Bob, a tenant at Kingston’s farm in the Mealagh Valley, just outside Bantry, Co Cork, was concerned about the state of the 26 cats at the farm and contacted us to see if we could help. His daughter, Ashley, was particularly concerned about the health of some of the kittens. We arranged to start a Trap, Neuter, Return (TNR) program but we had no room for any more kittens. Ashley insisted that at least one of the kittens was blind and I figured we could always fit one more in. She brought us Goliath at the beginning of August 2007.
I was horrified. He looked like a concentration camp survivor. Skin and bone, snotty, eyes cloudy and white with mucus. I was nearly in tears just looking at him, never seen anything like it and I’ve seen kittens in pretty bad states before. And despite all that he had a fair bit of energy in him and was the friendliest wee thing towards the other cats & kittens and us humans alike.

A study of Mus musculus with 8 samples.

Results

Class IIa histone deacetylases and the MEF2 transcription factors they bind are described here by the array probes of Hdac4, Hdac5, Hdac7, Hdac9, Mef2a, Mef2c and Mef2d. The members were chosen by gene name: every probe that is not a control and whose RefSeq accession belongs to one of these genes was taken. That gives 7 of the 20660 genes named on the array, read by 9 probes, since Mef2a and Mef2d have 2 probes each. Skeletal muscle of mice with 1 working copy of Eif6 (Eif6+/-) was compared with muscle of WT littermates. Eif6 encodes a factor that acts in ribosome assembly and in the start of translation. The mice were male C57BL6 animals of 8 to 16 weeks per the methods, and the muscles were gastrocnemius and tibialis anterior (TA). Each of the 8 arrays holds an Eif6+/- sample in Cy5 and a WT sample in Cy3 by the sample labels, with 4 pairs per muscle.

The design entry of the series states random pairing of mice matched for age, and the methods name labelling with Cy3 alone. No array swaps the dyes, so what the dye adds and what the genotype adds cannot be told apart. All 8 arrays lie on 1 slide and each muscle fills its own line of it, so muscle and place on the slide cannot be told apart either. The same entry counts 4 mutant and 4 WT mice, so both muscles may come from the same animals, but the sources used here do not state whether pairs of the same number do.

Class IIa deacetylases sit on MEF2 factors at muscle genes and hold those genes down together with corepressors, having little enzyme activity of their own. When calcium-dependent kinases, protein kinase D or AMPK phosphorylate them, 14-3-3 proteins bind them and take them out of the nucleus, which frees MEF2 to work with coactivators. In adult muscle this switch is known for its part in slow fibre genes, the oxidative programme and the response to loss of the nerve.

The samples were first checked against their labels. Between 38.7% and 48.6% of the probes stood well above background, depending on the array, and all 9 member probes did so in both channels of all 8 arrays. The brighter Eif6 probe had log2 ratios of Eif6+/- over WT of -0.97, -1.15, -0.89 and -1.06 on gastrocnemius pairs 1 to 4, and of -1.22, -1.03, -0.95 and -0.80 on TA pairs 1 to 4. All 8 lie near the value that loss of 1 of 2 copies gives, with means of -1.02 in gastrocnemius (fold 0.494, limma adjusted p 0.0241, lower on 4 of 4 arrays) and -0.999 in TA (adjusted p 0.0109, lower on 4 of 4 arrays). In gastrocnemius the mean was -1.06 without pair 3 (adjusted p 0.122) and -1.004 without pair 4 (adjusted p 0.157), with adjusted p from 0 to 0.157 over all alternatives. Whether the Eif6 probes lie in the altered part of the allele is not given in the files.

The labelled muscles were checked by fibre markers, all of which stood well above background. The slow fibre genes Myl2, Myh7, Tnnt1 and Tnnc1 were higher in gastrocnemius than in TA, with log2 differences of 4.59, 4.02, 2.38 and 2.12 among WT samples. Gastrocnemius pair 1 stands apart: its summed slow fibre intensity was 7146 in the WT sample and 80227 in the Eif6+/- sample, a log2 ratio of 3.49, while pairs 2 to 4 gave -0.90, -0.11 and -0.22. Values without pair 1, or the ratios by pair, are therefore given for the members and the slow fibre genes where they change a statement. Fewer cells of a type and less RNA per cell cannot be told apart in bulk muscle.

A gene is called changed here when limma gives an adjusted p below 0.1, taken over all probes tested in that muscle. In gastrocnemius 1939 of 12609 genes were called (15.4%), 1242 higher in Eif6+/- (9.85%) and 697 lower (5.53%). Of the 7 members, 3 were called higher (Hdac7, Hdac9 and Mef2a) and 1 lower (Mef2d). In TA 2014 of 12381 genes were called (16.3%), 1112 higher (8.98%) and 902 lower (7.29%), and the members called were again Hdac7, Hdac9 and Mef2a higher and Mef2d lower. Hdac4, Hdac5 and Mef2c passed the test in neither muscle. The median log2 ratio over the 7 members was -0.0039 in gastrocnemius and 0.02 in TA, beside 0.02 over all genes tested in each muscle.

So we dosed him with antibiotics, treated his eyes with gel and drops, fed him up and welcomed him into our home.
We kept him in the training cage for a day or so, much to his, very vocal, disgust. And when we let him out the Furrball Purrfest was complete. The Chocolates and Banjax took him on as their own, cleaned him, snuggled up to him, played with him and purred with him.
If you haven’t gathered already, Goliath’s only real problem had been malnutrition and lack of care. He was the same age as the Chocolates and yet half their size (see his Image Gallery for pics). Sometimes their play was a bit rough for him because of their size but he held his own and protested with outraged squeals. He went from strength to strength. His body filled out, his eyes healed, becoming clear as day, no sign of the blindness that threatened when he first came.
Now Goliath loves everyone and everyone loves Goliath. A more good natured cat you’ll not find often. He’s a real gent, incredibly polite, waiting patiently while the others eat if there’s no spare food bowl – I’d wonder if that was why he was so malnourished when he turned up if other kittens hadn’t been just as skeletal.
I’m ridiculously proud of Goliath and would love to know how he gets on in the UK. If you adopt him please let me know how he fares – you’ll get my contact details at the bottom of this website – or use our contact form!